Arctic Monkeys Favourite Worst Nightmare Review

Album. Released 2007.  

BBC Review

Rather scarily, 'Favourite Worst Nightmare' has surpassed previous heights scaled by...

Tom Young 2007

Less than fifteen months after releasing a debut record which rewrote most music history books, Arctic Monkeys return to prove a point to those who still remain unconvinced by the retiring and nonchalant Sheffield quartet.

With the world waiting for the most almighty of musical slip-ups, the Arctics have found themselves under a burning microscope in the build up to the release of Favourite Worst Nightmare. Could this be the moment where Alex Turner falls flat on his face and admits that maybe, just maybe, he should have spent more time appeasing an interview-thirsty media frenzy? Not bloody likely – this is an absolute treasure.

‘’Brianstorm’’, a volcanic signal of intent, ‘’Teddy Picker’’ and ‘’D Is For Dangerous’’ give the album a rocketing lift-off. Ascending guitars do battle as the band’s much promised darker and heavier side comes to the fore. With a succession of jaw-dropping riffs, you are engulfed by a fever that was last induced by ‘’The View From The Afternoon’’ and ‘’Ritz To Rubble’’.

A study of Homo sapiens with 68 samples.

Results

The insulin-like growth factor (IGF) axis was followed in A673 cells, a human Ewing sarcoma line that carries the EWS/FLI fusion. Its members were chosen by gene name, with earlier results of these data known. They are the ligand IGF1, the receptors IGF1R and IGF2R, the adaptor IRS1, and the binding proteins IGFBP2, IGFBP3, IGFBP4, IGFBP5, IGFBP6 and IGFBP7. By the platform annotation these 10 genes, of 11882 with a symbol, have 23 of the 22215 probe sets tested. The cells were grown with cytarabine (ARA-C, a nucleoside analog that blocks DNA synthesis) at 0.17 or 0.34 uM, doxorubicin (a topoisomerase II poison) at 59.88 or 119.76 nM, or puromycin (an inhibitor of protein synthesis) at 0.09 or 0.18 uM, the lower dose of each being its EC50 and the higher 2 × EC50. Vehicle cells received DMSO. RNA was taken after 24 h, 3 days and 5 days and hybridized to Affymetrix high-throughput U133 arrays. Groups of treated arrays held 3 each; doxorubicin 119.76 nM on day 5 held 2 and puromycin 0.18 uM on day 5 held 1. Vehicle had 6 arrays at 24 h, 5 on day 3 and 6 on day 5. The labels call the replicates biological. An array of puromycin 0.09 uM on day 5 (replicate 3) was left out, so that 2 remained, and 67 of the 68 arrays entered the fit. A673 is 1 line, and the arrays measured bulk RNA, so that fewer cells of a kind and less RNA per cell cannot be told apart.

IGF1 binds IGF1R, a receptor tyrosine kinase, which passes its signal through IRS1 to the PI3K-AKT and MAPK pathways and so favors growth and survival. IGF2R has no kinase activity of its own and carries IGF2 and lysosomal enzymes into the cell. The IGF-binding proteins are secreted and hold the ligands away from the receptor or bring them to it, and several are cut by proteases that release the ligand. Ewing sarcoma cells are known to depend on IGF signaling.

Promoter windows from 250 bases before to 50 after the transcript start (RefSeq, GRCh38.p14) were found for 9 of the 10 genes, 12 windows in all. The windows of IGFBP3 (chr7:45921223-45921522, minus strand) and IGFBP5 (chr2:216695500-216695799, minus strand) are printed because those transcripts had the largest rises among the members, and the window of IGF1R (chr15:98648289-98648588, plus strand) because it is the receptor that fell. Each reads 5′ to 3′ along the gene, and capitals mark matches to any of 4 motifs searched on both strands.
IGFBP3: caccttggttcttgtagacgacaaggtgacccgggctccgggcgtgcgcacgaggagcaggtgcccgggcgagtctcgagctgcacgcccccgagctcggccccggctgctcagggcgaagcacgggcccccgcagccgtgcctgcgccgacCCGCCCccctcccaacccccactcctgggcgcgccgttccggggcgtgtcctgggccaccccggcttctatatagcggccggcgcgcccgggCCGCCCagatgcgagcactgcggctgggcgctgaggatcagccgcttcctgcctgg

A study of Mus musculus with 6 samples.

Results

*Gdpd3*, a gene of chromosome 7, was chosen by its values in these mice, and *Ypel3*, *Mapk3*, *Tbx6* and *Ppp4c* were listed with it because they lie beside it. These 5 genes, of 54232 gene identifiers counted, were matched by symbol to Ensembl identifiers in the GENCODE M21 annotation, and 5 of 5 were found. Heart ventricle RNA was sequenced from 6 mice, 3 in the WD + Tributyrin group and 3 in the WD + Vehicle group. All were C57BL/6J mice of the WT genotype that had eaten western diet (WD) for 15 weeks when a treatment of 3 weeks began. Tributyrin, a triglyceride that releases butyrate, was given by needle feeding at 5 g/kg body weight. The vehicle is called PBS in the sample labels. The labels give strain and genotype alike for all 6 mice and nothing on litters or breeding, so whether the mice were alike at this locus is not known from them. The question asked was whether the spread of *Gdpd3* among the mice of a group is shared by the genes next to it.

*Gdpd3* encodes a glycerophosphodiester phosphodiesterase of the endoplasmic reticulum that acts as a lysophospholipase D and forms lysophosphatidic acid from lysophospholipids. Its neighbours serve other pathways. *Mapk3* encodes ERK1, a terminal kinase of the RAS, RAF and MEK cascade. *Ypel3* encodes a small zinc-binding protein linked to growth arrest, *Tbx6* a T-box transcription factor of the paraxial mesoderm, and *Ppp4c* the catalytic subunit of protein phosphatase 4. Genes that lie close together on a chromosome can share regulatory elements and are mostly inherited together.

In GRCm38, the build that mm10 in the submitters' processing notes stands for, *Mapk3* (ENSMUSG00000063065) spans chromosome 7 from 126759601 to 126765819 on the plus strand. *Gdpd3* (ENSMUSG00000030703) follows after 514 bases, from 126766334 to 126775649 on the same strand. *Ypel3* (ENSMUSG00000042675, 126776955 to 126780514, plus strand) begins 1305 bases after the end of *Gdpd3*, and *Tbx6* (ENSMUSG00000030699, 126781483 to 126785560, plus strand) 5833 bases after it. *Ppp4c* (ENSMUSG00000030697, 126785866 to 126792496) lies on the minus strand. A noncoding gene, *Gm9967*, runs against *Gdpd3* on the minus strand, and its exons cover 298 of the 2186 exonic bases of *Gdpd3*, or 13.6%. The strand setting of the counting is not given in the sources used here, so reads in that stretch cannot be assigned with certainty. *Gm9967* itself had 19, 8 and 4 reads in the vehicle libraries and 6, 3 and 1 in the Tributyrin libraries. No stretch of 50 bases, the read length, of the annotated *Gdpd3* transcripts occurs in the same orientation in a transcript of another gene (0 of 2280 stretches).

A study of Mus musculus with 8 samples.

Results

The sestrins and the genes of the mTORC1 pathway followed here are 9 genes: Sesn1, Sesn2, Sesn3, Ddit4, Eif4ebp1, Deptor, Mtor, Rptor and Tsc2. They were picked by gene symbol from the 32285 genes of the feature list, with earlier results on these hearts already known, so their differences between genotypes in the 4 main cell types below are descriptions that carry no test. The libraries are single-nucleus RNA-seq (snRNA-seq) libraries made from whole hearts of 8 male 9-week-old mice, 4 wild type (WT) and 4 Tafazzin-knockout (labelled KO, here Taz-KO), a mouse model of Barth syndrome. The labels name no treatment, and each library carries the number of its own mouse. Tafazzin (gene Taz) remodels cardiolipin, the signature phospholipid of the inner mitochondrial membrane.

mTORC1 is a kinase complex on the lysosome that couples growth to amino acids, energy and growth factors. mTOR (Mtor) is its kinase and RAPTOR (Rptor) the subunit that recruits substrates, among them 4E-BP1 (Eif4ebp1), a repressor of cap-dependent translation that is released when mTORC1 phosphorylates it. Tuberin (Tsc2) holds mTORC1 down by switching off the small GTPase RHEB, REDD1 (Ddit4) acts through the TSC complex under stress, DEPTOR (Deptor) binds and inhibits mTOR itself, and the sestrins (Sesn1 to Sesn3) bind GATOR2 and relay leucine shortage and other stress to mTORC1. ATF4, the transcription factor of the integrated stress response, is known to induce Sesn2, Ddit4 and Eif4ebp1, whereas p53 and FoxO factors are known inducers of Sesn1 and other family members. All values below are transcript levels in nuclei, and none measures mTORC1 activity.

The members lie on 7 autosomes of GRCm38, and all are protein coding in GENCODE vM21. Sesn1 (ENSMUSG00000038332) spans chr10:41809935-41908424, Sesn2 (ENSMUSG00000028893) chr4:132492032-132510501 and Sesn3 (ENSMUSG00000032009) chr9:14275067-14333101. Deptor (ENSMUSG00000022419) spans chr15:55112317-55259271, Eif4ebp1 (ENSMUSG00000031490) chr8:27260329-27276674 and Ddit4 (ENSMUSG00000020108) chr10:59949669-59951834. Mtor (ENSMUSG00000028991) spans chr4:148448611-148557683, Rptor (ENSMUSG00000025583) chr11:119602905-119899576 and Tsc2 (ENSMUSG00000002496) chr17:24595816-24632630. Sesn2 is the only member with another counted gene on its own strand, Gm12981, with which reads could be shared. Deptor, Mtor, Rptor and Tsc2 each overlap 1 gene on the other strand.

Favourite Worst Nightmare illustrates a great degree of maturity in many ways. Turner’s mastery of lyrics hits home more than before and is sure to connect with an older audience who felt excluded by Whatever People Say I Am… And wherever Turner, fit to burst with aggression and sexual frustration, has raised the bar, drummer Matt Helders has sailed over it with a virtuoso performance.

In a practically chorus-less 40 minutes, it’s difficult to find an ineffective track in a many-faced record. The slowest of songs, ‘’Only Ones Who Knew’’, could be curtailed by a minute but still makes for a great transition towards a slick finale. From ‘’Do Me A Favour’’ – the ultimate break-up track– to the cheeky-cheating ‘’Do The Bad Thing’’, the denouement is special. Final track ‘’505’’ is the perfect bookend to sit opposite the brash ‘’Brianstorm’’ with a tenderness sure to surprise.

Expect green-eyes from all corners (from The Strokes through to Klaxons) as the Monkeys continue their pursuit of perfection. Rather scarily, Favourite Worst Nightmare has surpassed previous heights scaled by the band and will have many a rival tossing and turning in their sleep for years to come.